Mexico: questions surround deaths in Michoacán logging dispute

Eight indigenous Purépecha were shot dead the morning of April 18 near the autonomous community of Cherán in the western Mexican state of Michoacán. Two of the victims were from Cherán, which has been engaged in a year-long struggle to protect local forests from illegal loggers; six of the people killed were from the town of Casimiro Leco, better known as El Cerecito, where many of the loggers live.

According to Cherán residents, the violence began when a group of men from El Cerecito ambushed some 20 laborers from Cherán who were doing reforestation work as temporary employees for the federal Environment and Natural Resources Secretariat. The Michoacán authorities treated the incident as a shootout, blaming Cherán residents for the deaths of the six people from El Cerecito. Police agents detained a number of Cherán residents later on April 18, and community people responded by detaining a dozen police agents from the Special Operations Group (GOE) and holding them until the next day.

Cherán’s governing council denied that Cherán residents were responsible for the killings of the six from El Cerecito. The workers from Cherán were attacked by “paramilitary groups associated with organized crime and the loggers,” Cherán activist Salvador Campanur told reporters. The same people “are planting corpses in our territory,” Campanur explained. “We don’t know the motive for the six deaths… [T]here are internal disputes between organized crime and the paramilitaries, and what the authorities are doing is to make these deaths appear to be part of a confrontation that didn’t take place.” (Campanur also works with the Movement for Peace With Justice and Dignity [MPJD], which was founded by the poet Javier Sicilia last year to oppose the Mexican government’s militarized “war on drugs.”)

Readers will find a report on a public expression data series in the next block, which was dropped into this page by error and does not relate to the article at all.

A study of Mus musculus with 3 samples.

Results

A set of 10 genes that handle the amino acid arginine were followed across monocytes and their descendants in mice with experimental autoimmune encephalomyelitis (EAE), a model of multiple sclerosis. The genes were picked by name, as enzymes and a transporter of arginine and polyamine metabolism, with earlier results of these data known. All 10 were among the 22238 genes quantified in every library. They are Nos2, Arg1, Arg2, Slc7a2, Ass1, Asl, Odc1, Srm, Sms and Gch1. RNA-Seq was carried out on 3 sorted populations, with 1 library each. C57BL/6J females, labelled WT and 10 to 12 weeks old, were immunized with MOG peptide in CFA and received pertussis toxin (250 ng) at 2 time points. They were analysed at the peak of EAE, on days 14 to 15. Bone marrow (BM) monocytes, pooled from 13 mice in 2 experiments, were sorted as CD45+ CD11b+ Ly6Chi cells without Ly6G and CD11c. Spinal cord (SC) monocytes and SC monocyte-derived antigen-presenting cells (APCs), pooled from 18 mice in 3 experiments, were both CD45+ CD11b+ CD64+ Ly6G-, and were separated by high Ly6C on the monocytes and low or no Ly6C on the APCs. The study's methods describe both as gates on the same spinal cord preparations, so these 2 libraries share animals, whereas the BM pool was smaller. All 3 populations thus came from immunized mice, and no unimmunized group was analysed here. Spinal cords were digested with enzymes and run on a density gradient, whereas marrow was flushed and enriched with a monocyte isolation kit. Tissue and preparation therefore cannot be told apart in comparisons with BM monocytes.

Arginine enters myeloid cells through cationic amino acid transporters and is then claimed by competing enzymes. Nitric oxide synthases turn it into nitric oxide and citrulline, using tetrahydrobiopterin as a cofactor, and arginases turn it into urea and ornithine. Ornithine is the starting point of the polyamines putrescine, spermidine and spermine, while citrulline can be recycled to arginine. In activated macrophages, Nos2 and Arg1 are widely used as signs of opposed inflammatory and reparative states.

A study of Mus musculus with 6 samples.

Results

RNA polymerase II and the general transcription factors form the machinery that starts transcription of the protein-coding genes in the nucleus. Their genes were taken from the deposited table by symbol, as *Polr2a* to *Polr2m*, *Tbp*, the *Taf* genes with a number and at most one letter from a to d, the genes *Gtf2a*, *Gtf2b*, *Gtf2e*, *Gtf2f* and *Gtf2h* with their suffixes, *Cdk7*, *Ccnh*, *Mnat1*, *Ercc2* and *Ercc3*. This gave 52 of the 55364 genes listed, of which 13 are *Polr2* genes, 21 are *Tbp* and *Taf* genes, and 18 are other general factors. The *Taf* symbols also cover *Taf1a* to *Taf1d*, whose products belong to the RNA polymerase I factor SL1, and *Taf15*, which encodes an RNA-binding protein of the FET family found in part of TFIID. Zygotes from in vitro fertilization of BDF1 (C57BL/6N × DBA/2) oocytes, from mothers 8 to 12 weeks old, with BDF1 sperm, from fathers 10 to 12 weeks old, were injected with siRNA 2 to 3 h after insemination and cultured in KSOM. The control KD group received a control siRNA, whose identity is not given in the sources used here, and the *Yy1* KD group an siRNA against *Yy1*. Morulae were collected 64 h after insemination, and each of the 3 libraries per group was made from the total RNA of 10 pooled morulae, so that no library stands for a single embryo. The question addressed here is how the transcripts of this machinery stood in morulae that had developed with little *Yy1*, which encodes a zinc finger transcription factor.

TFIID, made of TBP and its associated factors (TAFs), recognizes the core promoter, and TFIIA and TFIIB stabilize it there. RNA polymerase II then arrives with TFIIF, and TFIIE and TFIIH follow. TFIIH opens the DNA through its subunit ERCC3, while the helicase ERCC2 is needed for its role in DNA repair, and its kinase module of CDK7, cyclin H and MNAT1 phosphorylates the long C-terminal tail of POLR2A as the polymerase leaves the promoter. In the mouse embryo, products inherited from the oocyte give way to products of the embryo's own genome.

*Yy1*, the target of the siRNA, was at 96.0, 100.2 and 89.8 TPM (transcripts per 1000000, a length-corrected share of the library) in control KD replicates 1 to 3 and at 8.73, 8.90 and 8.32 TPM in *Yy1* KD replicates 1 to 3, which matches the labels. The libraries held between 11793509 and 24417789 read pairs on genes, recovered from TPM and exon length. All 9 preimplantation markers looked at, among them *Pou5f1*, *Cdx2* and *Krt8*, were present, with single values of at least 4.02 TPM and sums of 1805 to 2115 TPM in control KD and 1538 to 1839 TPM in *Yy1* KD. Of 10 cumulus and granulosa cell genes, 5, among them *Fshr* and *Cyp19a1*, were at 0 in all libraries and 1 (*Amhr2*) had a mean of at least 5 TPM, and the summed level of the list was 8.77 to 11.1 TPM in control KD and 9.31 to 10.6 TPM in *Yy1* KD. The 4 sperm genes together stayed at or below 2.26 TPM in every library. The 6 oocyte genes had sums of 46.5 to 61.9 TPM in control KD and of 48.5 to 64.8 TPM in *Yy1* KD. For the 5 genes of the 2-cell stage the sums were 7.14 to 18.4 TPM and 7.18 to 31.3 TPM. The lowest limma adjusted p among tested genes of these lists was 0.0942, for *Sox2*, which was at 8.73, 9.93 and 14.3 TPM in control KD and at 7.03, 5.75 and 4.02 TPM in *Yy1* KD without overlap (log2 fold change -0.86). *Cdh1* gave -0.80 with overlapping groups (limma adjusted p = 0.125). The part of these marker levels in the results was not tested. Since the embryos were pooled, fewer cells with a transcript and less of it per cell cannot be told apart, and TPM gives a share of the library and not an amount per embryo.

But relatives of the victims from El Cerecito blamed Cherán residents. At the burial of five of the dead, in the community of Tanaco, on April 19, family members—”who live in extreme poverty,” according to reporters from the Mexican daily La Jornada—denounced Cherán residents as “murderers.”

A little more than a year ago, on April 15, 2011, the people of Cherán rose up against the criminal gangs and illegal loggers who had destroyed a large part of the local forests. Cherán residents then declared their community autonomous, throwing out the municipal government and replacing it with an assembly and a council selected according to Purépecha “uses and customs.” Community patrols provide security and guard the entrances to the town, and the inhabitants plan to boycott state and federal elections.

Even in Cherán there is some sympathy for impoverished Purépecha from El Cerecito who engage in illegal logging. “It isn’t just a police matter,” an unnamed teacher at the Superior Technological Institute of de Cherán told La Jornada, noting that the logging provides employment for hundreds of poor families, who in effect become serfs of the people who trade in the timber. “There need to be options for these people,” he said. “Or if not, what are they going to do afterwards?” (LJ, April 19, LJ, April 20; EFE, April 20, via Latin American Herald Tribune)

From Weekly News Update on the Americas, April 22.